Quantcast Closure Plans

preference of the operators (Tables 4-2-7B and 4-2-7C). The most common
equipment used on sanitary landfills is the crawler tractor, which can be used
with a dozer blade, trash blade, or front-end loader. A tractor is versatile
and can normally perform all required operations: spreading, compacting,
covering, trenching, and hauling the cover material. If a machine is required
nearly full time for compaction, it is economically advisable to purchase a
landfill compactor. Other types of equipment commonly used at large sanitary
landfills, where specialized equipment increases overall efficiency, are
scrapers, draglines, graders, rubber-tired loaders, and water trucks. Rubber-
tired tractors are recommended for certain landfill operations. Use of this
type of equipment, however, leads to a continuous tire maintenance problem and
increased equipment downtime. Sketches of a crawler tractor, steel-wheeled
tractors, and self-loading scraper are shown in Figures 4-2-7D, E, and F,
respectively. Vehicles will have Roll Over Protection/Fall Protection without
regard to age of vehicle. (29 CFR 1926.1000.) These types of equipment are designed to perform the
following major functions:
Waste Handling. This function includes the moving, spreading, and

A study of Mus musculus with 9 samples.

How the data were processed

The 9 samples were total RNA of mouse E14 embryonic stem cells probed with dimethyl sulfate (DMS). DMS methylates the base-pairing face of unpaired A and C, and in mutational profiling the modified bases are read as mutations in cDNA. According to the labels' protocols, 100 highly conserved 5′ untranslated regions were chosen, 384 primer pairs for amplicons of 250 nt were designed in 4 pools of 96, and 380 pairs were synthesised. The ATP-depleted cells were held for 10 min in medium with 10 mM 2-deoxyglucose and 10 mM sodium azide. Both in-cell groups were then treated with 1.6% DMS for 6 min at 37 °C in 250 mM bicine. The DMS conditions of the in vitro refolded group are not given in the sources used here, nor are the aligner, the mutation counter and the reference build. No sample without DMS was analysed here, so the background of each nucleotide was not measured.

compaction of the waste.
Cover Material Handling. Cover material handling includes the
excavation, transportation, distribution, and compaction of the
cover material.
Support Functions. Support functions include the construction and
maintenance of the access roads, the control of dust, and protection
against fires. Sanitary landfills that handle about 150 tons (136 metric
tons), or less, of solid waste per day can normally operate efficiently with
one piece of equipment; but provisions must be made for standby equipment.
Large landfills that handle more than 300 tons (272 metric tons) of solid
waste per day will require more than one piece of equipment. At these sites,
specialized equipment can be utilized to increase efficiency and minimize
costs. Closure Plans Site closure can be both expensive and difficult if it is
not included as part of the initial landfill design. Three basic goals need to be achieved. First, closure shall
minimize the need for further maintenance at the landfill site. Second,
closure shall place the landfill in a condition that will have the least
possible detrimental environmental impacts in the future. Third, the closure
plan should consider preparation of the site for future use.